Privacy Preserving Data Quality Assessment


Freudiger, J., Rane, S., Brito, A. E., & Uzun, E. (2014, November). Privacy preserving data quality assessment for high-fidelity data sharing. In Proceedings of the 2014 ACM Workshop on Information Sharing & Collaborative Security (pp. 21-29).


In a data-driven economy that struggles to cope with the volume and diversity of information, data quality assessment has become a necessary precursor to data analytics. Real-world data often contains inconsistencies, conflicts and errors. Such dirty data increases processing costs and has a negative impact on analytics. Assessing the quality of a dataset is especially important when a party is considering acquisition of data held by an untrusted entity. In this scenario, it is necessary to consider privacy risks of the stakeholders.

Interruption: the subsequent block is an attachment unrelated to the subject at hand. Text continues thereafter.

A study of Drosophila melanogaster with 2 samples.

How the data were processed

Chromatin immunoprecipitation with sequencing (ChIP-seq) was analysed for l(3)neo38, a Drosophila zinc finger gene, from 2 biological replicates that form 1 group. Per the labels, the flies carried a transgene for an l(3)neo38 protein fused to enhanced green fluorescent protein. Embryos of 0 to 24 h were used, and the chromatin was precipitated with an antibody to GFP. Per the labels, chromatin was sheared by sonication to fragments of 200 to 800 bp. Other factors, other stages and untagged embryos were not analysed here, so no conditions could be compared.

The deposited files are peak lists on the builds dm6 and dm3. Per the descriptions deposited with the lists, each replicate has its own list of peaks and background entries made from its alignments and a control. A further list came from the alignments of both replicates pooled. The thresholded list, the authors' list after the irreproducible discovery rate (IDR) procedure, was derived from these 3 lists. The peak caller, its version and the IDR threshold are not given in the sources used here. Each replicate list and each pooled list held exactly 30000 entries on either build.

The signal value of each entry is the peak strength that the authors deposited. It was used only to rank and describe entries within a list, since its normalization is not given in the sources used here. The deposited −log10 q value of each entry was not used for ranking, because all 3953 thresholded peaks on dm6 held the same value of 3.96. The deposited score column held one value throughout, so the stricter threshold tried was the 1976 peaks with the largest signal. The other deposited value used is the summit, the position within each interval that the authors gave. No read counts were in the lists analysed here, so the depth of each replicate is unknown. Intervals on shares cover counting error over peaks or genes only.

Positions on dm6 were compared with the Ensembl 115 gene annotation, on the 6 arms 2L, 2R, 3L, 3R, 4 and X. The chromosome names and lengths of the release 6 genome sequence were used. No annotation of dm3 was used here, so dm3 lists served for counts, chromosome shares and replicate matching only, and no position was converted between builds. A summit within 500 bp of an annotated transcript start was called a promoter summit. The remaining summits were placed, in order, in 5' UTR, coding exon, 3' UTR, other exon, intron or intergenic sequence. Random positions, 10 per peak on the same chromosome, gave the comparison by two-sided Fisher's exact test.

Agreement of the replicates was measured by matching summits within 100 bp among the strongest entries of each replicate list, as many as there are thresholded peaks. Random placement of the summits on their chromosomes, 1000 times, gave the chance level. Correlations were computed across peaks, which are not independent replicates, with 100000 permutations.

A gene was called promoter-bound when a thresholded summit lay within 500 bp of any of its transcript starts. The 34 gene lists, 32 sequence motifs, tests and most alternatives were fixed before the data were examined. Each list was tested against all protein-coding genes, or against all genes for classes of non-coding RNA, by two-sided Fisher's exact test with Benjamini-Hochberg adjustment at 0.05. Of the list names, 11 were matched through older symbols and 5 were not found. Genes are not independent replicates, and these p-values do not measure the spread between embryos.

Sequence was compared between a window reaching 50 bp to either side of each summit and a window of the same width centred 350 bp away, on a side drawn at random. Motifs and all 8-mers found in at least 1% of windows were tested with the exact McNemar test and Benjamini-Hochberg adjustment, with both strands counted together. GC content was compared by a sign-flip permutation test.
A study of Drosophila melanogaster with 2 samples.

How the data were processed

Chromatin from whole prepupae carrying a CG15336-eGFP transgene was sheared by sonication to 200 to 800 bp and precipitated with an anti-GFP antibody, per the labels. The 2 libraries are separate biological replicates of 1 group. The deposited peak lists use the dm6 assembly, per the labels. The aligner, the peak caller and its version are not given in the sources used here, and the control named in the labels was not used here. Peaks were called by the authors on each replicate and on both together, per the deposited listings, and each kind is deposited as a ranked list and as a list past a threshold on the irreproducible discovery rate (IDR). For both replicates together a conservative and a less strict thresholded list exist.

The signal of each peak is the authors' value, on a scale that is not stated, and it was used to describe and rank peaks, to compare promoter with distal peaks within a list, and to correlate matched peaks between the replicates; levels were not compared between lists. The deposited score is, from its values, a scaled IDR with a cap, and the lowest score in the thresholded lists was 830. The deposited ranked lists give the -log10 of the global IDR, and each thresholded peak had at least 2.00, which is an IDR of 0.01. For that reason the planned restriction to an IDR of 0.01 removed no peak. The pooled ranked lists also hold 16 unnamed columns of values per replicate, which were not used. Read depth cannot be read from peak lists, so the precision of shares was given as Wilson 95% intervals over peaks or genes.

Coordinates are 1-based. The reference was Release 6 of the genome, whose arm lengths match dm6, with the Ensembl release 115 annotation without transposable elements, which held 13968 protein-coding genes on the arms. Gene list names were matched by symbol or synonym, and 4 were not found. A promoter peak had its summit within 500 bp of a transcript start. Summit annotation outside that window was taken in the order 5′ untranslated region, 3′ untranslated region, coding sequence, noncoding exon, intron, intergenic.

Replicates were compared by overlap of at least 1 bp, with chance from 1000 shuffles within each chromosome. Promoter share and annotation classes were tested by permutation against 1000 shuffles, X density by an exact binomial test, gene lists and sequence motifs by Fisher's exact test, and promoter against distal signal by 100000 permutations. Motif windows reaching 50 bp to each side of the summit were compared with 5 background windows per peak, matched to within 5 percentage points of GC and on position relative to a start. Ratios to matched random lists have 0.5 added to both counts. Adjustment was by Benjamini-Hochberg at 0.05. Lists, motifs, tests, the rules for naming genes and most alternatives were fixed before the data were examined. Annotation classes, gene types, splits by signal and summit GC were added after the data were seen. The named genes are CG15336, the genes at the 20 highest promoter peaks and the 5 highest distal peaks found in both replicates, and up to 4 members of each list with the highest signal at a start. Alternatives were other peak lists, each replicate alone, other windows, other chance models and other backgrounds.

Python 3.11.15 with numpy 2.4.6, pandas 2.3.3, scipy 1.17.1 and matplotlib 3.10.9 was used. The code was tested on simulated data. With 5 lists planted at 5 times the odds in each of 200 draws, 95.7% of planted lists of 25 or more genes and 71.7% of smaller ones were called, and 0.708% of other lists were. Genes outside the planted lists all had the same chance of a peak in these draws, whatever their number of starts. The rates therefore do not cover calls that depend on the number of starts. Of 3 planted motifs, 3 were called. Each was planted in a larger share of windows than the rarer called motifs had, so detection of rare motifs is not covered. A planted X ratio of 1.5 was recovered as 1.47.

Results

This paper examines challenges in privacy-preserving data quality assessment. A two-party scenario is considered, consisting of a client that wishes to test data quality and a server that holds the dataset. Privacy-preserving protocols are presented for testing important data quality metrics: completeness, consistency, uniqueness, timeliness and validity. For semi-honest parties, the protocols ensure that the client does not discover any information about the data other than the value of the quality metric. The server does not discover the parameters of the client’s query, the specific attributes being tested and the computed value of the data quality metric. The proposed protocols employ additively homomorphic encryption in conjunction with condensed data representations such as counting hash tables and histograms, serving as efficient alternatives to solutions based on private set intersection.